On April 13, 2020 in Friends of DeVito v. Wolf, No. 68 MM 2020, the Pennsylvania Supreme Court issued a decision rejecting several challenges to Governor Wolf’s March 6 COVID-19 Disaster Proclamation and his subsequent March 19 Order shutting down businesses that are not deemed to be “life-sustaining.” Challengers were a political candidate committee, a licensed real estate agent, and a golf course that were not deemed to be “life-sustaining” under the Governor’s Order. The Supreme Court agreed to hear the petition and ultimately rejected all the challenges.
Petitioners first challenged the validity of the Governor’s Proclamation under the Pennsylvania Emergency Code, arguing that the COVID-19 pandemic did not qualify as a “natural disaster” and that the Governor did not have the authority to declare the entire Commonwealth a “disaster area.” The Supreme Court rejected that argument, holding that the COVID-19 pandemic is a disaster under the statute and given the widespread nature of the pandemic, the entire state is a disaster area.
Petitioners also brought five constitutional challenges to the Governor’s Order, contending that it violated the separation of powers, that it constituted a regulatory taking without just compensation, that it violated due process and equal protection, and that it violated the right to free speech and assembly.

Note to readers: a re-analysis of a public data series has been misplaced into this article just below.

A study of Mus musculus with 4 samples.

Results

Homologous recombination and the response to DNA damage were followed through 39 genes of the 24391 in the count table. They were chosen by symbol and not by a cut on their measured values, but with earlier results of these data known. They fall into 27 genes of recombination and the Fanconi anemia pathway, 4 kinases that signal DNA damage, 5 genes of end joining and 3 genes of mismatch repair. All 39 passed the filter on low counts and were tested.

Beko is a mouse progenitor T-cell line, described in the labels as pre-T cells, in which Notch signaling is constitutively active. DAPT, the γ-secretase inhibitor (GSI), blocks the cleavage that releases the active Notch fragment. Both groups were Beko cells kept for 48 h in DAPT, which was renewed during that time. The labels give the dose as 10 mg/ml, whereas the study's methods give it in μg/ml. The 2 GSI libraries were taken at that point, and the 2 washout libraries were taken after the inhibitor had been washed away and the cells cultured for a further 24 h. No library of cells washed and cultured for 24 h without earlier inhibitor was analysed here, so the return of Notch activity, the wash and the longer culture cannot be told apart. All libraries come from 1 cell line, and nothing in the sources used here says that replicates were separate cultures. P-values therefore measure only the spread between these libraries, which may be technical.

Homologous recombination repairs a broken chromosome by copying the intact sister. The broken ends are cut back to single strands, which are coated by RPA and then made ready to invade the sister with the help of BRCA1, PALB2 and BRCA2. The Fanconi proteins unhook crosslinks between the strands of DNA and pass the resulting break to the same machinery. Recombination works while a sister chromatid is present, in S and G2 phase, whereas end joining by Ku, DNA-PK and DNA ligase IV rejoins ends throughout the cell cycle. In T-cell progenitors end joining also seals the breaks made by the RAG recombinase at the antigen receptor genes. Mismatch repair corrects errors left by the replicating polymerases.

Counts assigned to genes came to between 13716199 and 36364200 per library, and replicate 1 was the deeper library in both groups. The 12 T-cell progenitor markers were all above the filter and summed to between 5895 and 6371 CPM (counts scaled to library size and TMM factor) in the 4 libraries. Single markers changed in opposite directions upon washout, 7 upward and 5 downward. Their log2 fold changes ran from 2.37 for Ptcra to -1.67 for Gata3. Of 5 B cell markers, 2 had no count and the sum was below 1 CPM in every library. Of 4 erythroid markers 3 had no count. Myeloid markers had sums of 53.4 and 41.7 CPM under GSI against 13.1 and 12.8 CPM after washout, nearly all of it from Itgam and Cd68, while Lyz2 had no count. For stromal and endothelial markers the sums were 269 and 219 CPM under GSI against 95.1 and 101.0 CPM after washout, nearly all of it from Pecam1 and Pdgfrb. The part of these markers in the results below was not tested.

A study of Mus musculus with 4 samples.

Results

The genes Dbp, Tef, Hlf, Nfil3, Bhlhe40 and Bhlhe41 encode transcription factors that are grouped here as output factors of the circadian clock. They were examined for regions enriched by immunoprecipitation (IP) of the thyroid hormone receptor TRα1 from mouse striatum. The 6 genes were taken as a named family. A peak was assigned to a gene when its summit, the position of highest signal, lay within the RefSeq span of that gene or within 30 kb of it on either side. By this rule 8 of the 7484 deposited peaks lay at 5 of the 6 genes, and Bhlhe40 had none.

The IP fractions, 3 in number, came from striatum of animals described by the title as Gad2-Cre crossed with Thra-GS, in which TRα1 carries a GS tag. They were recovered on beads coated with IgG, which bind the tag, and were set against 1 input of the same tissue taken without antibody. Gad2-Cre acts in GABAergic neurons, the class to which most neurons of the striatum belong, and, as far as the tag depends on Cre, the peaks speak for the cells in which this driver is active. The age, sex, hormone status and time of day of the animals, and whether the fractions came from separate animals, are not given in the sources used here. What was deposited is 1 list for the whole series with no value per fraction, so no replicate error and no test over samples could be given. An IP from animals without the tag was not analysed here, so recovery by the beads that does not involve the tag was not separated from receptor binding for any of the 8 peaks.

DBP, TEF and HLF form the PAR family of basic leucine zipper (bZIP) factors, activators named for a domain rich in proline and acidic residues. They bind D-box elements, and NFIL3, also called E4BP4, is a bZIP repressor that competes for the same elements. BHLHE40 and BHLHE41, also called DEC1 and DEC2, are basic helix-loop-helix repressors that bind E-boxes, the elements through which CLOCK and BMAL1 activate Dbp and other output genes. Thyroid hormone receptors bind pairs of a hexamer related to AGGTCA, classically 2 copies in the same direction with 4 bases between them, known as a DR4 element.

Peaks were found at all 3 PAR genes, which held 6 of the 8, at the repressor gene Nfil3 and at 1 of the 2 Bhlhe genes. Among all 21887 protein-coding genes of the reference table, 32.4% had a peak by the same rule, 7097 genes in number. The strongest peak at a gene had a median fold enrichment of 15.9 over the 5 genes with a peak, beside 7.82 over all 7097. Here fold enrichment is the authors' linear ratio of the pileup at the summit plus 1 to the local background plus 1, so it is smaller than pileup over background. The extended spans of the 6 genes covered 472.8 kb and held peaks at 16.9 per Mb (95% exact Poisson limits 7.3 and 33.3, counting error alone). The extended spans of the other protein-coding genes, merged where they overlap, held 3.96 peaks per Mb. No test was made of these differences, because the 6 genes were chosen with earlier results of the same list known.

The Supreme Court held that the Order did not violate separation of powers because it was authorized under the Emergency Code. The Court rejected the regulatory taking argument, citing federal cases for the position that a regulatory taking did not occur because of the temporary nature of the Governor’s Shutdown Order. The Court also rejected the Petitioners’ due process argument that the rapid spread of COVID-19 justified the lack of pre-deprivation notice and hearing, holding that the Governor’s waiver process provided adequate due process after the shutdown given the large number of requests, and the Court held that there was no right to appeal from a waiver decision. Last, the Court rejected the Equal Protection claim, holding that the Order did not discriminate in favor of sitting elected officials, because election activities cannot be performed in governmental offices and both public and municipal golf courses are deemed not life-sustaining under the Order, and also rejected the free speech claims because the Shutdown Order did not forbid telephonic or electronic communications.